The third time is indeed the charm.
I decided to try the Hawaiian Macaroni Salad again. The major differences - this time, I completely overcooked the pasta in heaps of water. I cooked it for a little more than double the time recommended (the package recommended 7-8 minutes, I went for a little over 16 minutes). I also didn't bother measuring the amount of mayonnaise that went in. I just estimated by looks, after having sought after pictures of macaroni salads on Hawaiian-style plate lunches. I also seasoned with both the salt and the pepper until the taste was just right. (It ended up being a little bland still, but considering that I was going to share it with friends who are watching their salt intake, it was just as well I was conservative on the salt.)
With those two changes, I think I managed to recreate the macaroni salad that had me salivating all throughout my Hawaiian trip.
Now all I need to do is try to make haupia, and I think I will be happy.
I shared this with my friends, the Dorns. They are a very sweet couple from what I term "here, there, and everywhere." I met them several years ago, when I was singing with St. Stephen's Episcopal Church Gallery Choir. They had just moved to Durham from New Jersey, when he had just first retired from active ministry, and they joined the choir at Grace Lutheran (LC/MS) Church. So our choirs were preparing for a Choral Evensong for the Feast of the Epiphany. I still remember this rather tall, thin man approaching me, and speaking to me in what at first I thought was French. I even asked him, "Répétez, s'il vous plaît." So he repeated what he said, and it was then that I realised he was speaking to me in Tagalog! It was accented Tagalog, but still recognisable as Tagalog. He was telling me that he and his wife had lived for ca. 21 years in the Philippines before moving back to the U.S., and that they had borne and raised their four children there. He was working as a Lutheran missionary at the time, but was also involved with a bible translation project as well. We were carrying on our conversation, he in Tagalog, and I in English. In the meantime, everyone else around us were staring, wondering how could it be that we were actually maintaining a conversation in the way we were doing so.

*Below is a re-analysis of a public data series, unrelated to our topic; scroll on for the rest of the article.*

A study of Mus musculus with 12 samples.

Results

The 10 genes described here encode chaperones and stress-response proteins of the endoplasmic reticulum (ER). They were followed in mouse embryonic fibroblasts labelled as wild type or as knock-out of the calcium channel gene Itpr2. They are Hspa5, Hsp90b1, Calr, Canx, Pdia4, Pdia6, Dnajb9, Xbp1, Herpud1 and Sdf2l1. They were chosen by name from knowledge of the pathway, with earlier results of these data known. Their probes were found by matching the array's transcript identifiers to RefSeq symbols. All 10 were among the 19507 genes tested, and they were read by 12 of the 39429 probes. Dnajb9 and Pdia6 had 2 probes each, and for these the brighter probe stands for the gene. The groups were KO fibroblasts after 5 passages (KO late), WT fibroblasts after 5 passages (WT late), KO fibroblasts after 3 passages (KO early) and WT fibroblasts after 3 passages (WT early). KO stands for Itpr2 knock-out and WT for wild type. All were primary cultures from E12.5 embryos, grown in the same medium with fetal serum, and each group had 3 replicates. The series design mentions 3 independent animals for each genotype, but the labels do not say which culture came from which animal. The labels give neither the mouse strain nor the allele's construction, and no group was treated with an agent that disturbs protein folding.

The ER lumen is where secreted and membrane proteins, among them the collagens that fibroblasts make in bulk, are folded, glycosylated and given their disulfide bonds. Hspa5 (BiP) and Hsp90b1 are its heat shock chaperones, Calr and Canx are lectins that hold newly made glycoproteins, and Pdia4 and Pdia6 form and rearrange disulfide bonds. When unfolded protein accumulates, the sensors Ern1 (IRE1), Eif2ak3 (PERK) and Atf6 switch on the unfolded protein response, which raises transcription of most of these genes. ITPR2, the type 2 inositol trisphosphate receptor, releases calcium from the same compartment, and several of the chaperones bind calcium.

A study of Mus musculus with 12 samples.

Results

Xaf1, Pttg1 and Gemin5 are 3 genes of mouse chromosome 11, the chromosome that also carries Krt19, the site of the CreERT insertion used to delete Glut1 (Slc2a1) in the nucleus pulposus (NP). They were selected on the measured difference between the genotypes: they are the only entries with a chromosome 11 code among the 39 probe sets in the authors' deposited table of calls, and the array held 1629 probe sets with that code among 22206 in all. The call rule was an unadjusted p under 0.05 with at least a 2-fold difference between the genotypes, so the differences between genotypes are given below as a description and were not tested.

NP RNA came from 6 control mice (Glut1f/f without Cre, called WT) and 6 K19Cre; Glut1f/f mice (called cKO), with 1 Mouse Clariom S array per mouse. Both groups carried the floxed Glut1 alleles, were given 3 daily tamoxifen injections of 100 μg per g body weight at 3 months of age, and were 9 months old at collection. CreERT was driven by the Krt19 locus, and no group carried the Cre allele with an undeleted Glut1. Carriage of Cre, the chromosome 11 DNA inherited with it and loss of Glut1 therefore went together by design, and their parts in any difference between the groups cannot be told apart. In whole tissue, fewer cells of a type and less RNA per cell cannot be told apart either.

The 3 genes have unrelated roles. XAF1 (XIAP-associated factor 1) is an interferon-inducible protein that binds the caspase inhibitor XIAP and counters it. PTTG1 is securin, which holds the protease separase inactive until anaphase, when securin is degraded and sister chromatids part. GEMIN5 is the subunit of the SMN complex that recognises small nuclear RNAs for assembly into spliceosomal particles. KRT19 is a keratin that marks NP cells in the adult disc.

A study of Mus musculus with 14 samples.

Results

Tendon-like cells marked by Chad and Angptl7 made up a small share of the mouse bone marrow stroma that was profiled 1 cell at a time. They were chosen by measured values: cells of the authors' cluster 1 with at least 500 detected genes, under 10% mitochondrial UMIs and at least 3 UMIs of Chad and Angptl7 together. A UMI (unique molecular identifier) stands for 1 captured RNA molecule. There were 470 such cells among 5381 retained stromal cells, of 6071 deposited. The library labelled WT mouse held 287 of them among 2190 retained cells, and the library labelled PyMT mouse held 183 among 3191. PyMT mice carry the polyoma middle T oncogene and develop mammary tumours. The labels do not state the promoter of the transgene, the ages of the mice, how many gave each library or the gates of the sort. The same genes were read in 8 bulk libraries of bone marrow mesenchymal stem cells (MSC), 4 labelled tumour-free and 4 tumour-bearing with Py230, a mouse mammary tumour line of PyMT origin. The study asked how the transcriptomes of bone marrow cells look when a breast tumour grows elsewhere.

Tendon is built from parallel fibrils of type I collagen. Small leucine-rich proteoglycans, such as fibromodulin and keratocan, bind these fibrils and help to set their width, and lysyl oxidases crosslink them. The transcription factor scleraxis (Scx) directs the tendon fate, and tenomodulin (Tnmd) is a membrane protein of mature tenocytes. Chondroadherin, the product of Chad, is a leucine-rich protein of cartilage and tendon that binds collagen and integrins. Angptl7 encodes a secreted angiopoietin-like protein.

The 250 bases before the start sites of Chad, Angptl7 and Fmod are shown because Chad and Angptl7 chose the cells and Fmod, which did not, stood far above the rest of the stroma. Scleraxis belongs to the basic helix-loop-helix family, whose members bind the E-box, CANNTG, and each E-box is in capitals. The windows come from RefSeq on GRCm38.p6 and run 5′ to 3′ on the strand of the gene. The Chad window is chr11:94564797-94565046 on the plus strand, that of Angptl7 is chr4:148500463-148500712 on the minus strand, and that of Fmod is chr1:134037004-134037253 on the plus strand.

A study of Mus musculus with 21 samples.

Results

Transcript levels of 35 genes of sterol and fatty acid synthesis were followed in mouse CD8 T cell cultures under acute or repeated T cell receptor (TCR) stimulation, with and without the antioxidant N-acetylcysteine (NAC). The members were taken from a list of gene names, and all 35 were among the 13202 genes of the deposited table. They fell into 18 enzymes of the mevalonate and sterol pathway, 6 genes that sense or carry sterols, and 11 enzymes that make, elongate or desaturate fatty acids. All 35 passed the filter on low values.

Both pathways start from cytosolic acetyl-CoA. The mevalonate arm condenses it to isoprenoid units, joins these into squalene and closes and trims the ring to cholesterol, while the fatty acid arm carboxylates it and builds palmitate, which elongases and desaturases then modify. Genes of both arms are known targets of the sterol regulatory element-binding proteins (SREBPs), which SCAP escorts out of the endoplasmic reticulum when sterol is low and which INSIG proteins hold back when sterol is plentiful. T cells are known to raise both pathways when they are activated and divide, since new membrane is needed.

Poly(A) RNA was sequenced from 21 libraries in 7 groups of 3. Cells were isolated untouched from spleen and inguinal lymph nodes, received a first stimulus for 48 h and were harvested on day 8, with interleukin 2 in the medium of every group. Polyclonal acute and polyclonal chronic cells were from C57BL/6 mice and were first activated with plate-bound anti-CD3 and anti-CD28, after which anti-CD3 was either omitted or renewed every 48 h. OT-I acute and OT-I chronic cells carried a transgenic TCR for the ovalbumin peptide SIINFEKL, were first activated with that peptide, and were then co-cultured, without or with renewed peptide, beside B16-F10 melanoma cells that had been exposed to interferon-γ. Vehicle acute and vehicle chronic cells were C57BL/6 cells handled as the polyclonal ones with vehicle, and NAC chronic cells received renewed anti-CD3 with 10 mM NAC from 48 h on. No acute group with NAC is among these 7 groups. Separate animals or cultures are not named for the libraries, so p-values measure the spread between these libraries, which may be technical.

And the rest, as they say, was history. I consider Louis and Erna to be my closest friends here. They are always wanting opportunities to practice their Tagalog, and I've introduced them to some Filipinos in this area. So it was with them that I shared my macaroni salad, plus I brought over what I consider to be "real" rice (medium grain Calrose rice, cooked in a rice cooker, as opposed to what I call "fake" rice, which is the parboiled stuff you can find in the grocery stores). They were hosting an anesthesiologist from Belarus, so we enjoyed dinner and good conversation afterward.
One last thought - my friend, JunoMagic, has just completed what she terms to be her crack!fic-turned-virtual penny dreadful, The Apprentice and the Necromancer. If you're into the SS/HG ship, I highly recommend reading this. I'll miss looking forward to the reminders in my mbox that new chapters have been posted. It's quite an accomplishment - she wrote 250 chapters, plus a 250-word epilogue. Great work, Juno!